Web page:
Invasive SpeciesSea potato

Colpomenia peregrina
FOUND by Mullet mafia
2015-10-20
Cape Elizabeth
ID Confirmed
Quality checked by Mrs moniz
Peer reviewed by Giggly gigglers
Field Notes
It was a wet and rainy day, the clouds were covering the sky. We had just arrived at the beach where we would look for the specimen we have decided to search for, it was about 9:00 am. The beach is called Kettle Cove Beach. It is almost in the very center of a local neighborhood. It was very wet and damp, and the rocks were slippery because it rained earlier that day. It was as if there was a fire, the air was so gray and foggy. It was cool but it was also very humid outside, because it was mid fall. The beach was rocky on the edges and sandy in the middle section of the beach. The fishing boats were like rubber ducks floating in the water as a faint silhouette. We could see the abnormal amounts of tidal pools and crabs. All throughout the day, you could faintly hear the waves crashing on the shore. There was a fresh smell of salt water which was infecting the fresh air. We could all hear the rumble of groups talking and yelling towards each other. The specimen our group was searching for is the Colopomenia Peregrina, also known as the Sea Potato. We ran into the problem of locating the specimen under all the seaweed and rocks in and out of the water. Our group was anticipating that we would have a very hard time finding the Sea Potato. We found the Sea Potato very rapidly under the seaweed, which really surprised us because it had not been located many times in Cape Elizabeth before. It was located in the crevice of a tidal pool , and detached from seaweed.
Supporting Evidence
Photo of my evidence.
We think we found the Sea Potato. The Sea Potato has green-brown to yellow-brown color. This basically makes it an olive color. As shown in the photo above the organism we found has an olive color. This clearly sets it apart from the Sea Cauliflower which has a muddy brown color. This is evidence on why we think we found the Sea Potato.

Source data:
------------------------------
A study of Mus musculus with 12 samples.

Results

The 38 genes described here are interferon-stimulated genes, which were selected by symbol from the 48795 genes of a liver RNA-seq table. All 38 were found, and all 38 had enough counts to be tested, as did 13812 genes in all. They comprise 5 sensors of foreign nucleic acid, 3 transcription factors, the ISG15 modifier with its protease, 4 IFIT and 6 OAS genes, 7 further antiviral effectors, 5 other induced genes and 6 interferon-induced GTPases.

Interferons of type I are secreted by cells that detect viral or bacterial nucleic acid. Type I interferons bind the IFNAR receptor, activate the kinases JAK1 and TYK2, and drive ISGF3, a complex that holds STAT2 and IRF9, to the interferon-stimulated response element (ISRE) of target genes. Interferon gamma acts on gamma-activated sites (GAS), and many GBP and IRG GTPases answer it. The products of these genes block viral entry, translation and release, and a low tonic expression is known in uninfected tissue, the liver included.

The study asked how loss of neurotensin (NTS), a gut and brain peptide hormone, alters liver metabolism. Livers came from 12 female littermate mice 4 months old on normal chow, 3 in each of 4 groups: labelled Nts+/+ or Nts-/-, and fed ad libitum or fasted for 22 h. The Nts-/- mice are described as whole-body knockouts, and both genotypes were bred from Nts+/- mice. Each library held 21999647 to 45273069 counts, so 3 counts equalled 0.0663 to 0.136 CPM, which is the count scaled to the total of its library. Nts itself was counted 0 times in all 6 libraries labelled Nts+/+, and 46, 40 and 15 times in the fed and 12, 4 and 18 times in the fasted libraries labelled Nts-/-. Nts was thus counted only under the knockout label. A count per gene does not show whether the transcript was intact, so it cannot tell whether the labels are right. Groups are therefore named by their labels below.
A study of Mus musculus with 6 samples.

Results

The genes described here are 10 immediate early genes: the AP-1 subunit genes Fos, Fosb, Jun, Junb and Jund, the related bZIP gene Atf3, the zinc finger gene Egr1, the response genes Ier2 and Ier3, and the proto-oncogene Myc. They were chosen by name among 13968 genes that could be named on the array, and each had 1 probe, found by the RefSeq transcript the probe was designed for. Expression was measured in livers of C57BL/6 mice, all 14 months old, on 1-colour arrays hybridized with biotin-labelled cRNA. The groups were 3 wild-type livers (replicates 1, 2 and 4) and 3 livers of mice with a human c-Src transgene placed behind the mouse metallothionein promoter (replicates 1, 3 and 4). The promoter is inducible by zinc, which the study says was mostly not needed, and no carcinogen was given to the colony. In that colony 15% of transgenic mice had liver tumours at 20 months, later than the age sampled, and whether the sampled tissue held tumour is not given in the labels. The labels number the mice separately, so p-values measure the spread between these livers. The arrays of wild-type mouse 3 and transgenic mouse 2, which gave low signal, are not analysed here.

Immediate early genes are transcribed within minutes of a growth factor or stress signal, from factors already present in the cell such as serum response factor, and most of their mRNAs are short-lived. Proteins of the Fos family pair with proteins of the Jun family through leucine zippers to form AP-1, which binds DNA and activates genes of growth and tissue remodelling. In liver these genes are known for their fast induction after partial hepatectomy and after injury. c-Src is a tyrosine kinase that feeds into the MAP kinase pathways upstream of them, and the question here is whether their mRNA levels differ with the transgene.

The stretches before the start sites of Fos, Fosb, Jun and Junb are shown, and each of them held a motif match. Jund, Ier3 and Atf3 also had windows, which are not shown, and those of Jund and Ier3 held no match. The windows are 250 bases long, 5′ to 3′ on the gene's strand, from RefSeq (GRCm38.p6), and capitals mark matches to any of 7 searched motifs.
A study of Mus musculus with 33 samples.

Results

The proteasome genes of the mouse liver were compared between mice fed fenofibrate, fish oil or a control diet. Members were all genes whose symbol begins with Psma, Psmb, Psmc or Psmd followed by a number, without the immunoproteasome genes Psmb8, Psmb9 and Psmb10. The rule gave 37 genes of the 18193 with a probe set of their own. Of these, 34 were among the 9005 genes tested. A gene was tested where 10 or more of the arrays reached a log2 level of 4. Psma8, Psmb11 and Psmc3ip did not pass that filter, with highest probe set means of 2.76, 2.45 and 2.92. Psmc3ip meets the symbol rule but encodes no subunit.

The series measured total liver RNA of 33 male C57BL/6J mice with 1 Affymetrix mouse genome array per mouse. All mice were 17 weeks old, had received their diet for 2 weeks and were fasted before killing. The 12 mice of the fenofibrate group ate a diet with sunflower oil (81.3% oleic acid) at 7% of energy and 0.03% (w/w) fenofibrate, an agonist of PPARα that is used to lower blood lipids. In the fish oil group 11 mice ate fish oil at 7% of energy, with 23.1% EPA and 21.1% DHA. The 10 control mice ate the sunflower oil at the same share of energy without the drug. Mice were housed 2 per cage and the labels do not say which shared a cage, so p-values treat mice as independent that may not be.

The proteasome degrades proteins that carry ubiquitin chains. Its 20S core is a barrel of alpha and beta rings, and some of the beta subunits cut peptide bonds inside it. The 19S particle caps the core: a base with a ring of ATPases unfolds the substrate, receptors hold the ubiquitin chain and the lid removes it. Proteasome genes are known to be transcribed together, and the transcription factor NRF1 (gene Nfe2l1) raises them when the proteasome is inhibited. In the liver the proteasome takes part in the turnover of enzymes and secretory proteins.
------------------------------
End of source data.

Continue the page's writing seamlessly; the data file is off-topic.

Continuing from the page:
Photo of my evidence.
We think we found the Sea Potato. The Sea Potato has epiphytic growth which means it grows off organisms like seaweed. As shown in the photo above the organism we found looks as if it was attached to something like seaweed or something similar to seaweed. This clearly sets it apart from the Sea Cauliflower which had lithophytical, growth which means it can grow off things including rocks and similar things to rocks. This is evidence on why we think we found the Sea Potato.
Photo of my evidence.
We think we found the Sea Potato. The Sea Potato is very thin-walled, and hollow, and its middle section is usually collapsed in on itself. The Sea Potato has such thin walls you can almost see what is behind it. As shown in the photo above, the organism we found also has collapsed in on itself. This clearly sets it apart from the Sea Cauliflower, because the Sea Cauliflower has thicker walls, and looks like a brain. This is evidence on why we think we found the Sea Potato.
Species Observation: Species Looked For
Did you find it?: 
I think I found it
Scientific name:
Colpomenia peregrina
Common name:
Sea potato
Sampling method: 
Just looking around
Photo of our sampling method.
Place Studied
Latitude: 
N 43.561295 °
Longitude: 
W -70.217364 °
Observation Site Information
A photo of our study site.
Habitat: 
Coastal - Beach or dune
Trip Information
Name:
Kettle Cove Oct 2015
Trip date: 
Tue, 2015-10-20 07:40
Town or city: 
Cape Elizabeth
Type of investigation: 
Species Survey
Ecosystem: 
Coastal
Watershed: 
Presumpscot
Time of low tide: 

Comments

Wow! Very nice work Mullet mafia. You did a wonderful job explaining your reasoning and taking clear photos that connect well to your written evidence. I am nominating this post for "best all around observation". Keep us the good work.